BALTIMORE -- Veteran Jamie Moyer asked for and was granted his release on Saturday, effectively making him a free agent again as the Orioles decided the 49-year-old lefty wasn't in their immediate plans.
"We just decided as an organization we were going to go with the other pitchers that we have here," said executive vice president of baseball operations Dan Duquette, who signed Moyer to a Minor League deal earlier in June. "We also have some depth in starting pitching at Triple-A."
Moyer, who was released by the Rockies in late May, signed with the Orioles on the grounds that he would have a three-start audition with Triple-A Norfolk. And while he fared well, going 1-1 with a 1.69 ERA, the improved performances of fellow Tides starters Chris Tillman and Zach Britton -- coupled with the team's pair of off-days within five days -- meant there wasn't a pressing need for Moyer to join the big league club.
"We've been talking about it for really three days," manager Buck Showalter said of the possibility of Moyer being activated. "All things considered with us, it felt like with some of the things going on with our organization's pitchers, without mentioning names, we feel like we have the potential to have some depth there. We feel like we have some options."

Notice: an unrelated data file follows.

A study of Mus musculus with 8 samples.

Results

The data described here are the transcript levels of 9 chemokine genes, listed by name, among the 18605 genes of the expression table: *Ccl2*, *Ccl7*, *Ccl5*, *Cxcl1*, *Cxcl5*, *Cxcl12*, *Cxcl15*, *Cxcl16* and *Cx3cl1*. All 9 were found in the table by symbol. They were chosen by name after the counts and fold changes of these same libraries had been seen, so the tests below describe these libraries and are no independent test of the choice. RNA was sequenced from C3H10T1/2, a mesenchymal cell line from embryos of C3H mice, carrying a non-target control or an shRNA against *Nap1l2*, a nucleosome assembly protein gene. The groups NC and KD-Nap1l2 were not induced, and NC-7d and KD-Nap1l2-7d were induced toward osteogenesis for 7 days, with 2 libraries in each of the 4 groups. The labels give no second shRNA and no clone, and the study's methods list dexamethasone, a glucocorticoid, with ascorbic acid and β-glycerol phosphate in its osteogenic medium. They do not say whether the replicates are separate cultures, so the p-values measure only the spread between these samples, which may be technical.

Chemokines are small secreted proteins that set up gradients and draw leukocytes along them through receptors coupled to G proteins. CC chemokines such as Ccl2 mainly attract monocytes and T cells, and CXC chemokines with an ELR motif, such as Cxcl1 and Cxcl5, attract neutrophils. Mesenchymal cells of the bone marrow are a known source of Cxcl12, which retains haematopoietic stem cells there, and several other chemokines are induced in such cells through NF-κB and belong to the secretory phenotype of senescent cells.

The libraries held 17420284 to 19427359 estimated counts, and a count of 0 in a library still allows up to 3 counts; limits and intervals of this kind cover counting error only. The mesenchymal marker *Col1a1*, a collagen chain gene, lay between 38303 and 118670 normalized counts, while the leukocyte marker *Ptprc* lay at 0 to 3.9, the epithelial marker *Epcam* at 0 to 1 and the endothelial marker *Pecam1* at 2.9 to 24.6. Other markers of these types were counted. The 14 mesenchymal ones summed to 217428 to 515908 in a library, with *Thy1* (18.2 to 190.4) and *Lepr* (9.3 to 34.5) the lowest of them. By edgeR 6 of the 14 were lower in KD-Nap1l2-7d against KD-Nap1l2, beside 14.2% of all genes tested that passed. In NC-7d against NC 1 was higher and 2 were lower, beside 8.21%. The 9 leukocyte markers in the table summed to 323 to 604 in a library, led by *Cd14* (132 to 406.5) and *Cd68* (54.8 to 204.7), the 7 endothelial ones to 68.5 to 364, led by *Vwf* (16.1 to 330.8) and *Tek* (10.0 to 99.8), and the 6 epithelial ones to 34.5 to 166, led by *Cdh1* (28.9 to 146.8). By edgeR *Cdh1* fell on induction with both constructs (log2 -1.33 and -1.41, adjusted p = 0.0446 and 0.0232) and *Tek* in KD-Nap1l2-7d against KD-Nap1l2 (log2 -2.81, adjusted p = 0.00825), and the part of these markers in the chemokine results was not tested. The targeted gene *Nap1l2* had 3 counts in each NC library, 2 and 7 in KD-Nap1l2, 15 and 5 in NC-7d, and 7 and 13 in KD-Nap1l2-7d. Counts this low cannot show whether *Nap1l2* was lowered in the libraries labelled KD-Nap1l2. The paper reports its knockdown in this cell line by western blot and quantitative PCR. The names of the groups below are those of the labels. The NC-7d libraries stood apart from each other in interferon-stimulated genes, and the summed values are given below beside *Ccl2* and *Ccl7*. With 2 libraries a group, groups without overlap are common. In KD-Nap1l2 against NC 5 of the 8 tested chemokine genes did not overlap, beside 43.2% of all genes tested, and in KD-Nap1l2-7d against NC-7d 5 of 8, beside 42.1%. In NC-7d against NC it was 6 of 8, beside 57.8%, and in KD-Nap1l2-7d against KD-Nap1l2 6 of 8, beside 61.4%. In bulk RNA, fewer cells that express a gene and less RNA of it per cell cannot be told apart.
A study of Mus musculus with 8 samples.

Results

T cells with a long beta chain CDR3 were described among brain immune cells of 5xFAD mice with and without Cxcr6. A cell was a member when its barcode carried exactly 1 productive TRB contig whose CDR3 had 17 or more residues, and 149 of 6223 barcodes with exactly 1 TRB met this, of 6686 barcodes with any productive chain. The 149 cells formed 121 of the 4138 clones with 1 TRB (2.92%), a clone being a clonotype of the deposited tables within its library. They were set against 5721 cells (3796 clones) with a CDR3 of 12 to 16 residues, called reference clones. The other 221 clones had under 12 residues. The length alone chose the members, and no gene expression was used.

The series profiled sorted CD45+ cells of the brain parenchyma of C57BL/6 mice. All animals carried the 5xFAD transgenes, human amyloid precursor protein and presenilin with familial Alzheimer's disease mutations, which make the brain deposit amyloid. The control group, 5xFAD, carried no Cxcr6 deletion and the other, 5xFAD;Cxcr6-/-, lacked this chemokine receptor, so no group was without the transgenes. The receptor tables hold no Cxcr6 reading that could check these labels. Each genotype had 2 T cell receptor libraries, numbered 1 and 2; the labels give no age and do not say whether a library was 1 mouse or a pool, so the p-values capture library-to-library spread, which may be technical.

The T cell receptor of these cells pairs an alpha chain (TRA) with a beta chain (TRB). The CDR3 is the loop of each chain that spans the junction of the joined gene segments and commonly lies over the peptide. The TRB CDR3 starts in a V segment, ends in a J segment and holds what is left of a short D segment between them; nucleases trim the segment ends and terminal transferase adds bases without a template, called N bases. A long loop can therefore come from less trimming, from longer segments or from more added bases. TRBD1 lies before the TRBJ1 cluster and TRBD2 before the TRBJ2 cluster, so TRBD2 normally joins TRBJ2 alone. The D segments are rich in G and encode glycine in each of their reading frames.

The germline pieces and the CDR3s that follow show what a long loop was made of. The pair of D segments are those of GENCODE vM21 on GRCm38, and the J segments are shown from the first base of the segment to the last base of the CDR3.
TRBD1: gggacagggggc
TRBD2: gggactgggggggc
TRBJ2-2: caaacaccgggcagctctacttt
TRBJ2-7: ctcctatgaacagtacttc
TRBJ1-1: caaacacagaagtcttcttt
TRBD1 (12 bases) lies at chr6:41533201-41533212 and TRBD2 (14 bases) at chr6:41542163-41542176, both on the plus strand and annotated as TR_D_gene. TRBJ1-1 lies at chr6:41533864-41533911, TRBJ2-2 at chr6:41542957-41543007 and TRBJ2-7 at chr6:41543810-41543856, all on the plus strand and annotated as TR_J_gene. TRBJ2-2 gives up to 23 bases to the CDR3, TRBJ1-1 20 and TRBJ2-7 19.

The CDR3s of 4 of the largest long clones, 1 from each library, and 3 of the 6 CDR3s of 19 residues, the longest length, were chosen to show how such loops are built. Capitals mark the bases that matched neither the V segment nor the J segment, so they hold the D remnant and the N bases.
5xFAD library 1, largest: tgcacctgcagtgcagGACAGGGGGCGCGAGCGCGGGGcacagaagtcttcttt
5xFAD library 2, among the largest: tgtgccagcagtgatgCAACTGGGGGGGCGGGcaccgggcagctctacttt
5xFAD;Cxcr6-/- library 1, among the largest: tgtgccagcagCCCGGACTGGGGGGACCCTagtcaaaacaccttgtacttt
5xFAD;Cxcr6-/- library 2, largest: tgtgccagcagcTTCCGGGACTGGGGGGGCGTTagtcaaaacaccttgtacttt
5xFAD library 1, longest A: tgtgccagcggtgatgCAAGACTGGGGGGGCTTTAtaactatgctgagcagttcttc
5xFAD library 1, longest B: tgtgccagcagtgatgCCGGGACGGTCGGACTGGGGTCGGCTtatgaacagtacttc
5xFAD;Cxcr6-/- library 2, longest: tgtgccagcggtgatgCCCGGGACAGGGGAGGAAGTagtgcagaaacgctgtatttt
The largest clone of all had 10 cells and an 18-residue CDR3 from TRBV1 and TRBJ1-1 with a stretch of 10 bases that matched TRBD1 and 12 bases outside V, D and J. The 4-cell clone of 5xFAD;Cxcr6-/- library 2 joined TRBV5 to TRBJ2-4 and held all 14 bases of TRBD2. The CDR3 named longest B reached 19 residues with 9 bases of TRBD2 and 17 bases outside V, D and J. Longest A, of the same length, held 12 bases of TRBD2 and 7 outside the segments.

"We tried to explain the timing of the two off-days to Jamie and his [representative], but I understand Jamie's urgency as well," Duquette said. "He wants to win as many Major League games as he can."
Moyer missed the entire 2011 season while recovering from Tommy John surgery on his left elbow, and made the Rockies' Opening Day roster this season. He is 269-209 with a 4.25 ERA in parts of 25 big league seasons, having played for eight Major League teams, and Showalter is rooting for that to become nine.
"I wouldn't be surprised to see him pitching for somebody shortly," Showalter said. "Personally, just out of respect for his career and the things he's done, I hope it happens."
Others aren't as optimistic regarding Moyer, who became the oldest pitcher in Major League history to win a game earlier this season.
"I think he's had a remarkable career, and I thought he was 50, not 49," said Nationals manager Davey Johnson. "But, I mean, no, I don't think anybody is going to pick him up. Maybe as a pitching coach. But he's a poster boy for a lot of us old folks, so I wish him well."
Brittany Ghiroli is a reporter for MLB.com. Read her blog, Britt's Bird Watch, and follow her on Twitter @britt_ghiroli. This story was not subject to the approval of Major League Baseball or its clubs.